Members of Germany’s parliament proposed legislation on Friday that would allow assisted suicide for terminally ill adults once they have received counselling.
Germany’s top court last year ruled in favour of groups that help people die, saying an existing law that bans assisted suicide services breached the constitution.
“Everyone who is able to make decisions for themselves should also be able to decide when they want to die,” Katrin Helling-Plahr, a member of the liberal Free Democrats (FDP) told a news conference.
Euthanasia is particularly sensitive in Germany due to the legacy of the Nazis, who murdered an estimated 300,000 people with disabilities and psychological ailments under its “euthanasia” programme here because their lives were deemed unworthy.
Under the draft legislation presented by members of the Social Democrats, who are in the ruling coalition, as well as the opposition FDP and Linke, patients who want to take the lethal sodium pentobarbital drug would have to prove that their wish is permanent and they had not been pressured by anyone.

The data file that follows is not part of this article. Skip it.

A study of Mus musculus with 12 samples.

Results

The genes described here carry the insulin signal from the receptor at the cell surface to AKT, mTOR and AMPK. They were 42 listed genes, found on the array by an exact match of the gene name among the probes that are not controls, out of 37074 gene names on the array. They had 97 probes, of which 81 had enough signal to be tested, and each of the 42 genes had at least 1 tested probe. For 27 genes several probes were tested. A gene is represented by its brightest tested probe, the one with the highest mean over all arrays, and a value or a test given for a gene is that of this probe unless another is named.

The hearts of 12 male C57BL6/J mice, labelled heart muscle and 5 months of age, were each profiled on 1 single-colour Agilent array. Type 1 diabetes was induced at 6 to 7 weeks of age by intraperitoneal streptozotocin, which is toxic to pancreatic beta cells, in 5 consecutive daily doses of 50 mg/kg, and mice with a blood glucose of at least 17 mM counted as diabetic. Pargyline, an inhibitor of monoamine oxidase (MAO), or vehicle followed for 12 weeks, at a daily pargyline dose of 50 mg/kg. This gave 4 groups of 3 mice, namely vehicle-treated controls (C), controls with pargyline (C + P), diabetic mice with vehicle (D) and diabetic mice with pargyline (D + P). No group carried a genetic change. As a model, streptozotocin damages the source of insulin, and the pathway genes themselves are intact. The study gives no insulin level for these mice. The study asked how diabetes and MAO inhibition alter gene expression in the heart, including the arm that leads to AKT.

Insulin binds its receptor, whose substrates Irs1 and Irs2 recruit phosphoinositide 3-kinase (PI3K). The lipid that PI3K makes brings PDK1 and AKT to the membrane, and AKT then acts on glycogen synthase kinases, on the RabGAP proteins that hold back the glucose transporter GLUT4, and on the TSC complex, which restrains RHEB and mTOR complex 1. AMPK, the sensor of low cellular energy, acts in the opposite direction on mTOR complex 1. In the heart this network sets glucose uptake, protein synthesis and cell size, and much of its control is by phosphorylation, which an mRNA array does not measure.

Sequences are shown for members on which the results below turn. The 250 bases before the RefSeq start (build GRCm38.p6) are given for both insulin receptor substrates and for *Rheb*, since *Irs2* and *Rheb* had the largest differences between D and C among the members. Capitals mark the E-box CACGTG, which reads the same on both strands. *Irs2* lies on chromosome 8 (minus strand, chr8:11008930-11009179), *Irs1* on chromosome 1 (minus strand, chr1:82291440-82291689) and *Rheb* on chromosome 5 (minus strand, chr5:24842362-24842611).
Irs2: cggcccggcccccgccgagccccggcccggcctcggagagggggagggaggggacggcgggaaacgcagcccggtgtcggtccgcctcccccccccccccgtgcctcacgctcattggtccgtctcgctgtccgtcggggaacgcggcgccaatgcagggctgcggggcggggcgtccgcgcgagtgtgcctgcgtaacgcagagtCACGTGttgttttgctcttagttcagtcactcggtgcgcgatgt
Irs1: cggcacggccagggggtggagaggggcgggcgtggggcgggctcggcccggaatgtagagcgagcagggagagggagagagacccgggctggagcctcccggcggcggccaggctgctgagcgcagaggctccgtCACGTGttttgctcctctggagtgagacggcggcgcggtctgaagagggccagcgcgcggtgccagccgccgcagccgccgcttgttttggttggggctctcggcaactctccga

Members of the opposition Greens have drawn up a separate draft law that would require two doctors’ opinions before patients can be given a prescription for sodium pentobarbital, daily Frankfurter Allgemeine Zeitung reported on Thursday.
Some palliative medics had argued against any change in Germany’s law, fearing that could risk premature action in cases not properly based on a wish to die.
Only a few countries in the world have legalized euthanasia whereby a doctor administers lethal doses of drugs to patients willing to die, or people perform the action themselves.
In Spain, the lower house of parliament approved a bill in December allowing people who are seriously ill to choose to end their life, despite staunch opposition from the political right and religious groups.
Portuguese lawmakers are due to vote later on Friday to give the final stamp of approval to a law to decriminalise euthanasia and assisted suicide. If approved, terminally ill people over 18 who do not suffer from a mental illness can request the practice if they are suffering from “unbearable” pain and “without a hope for cure”.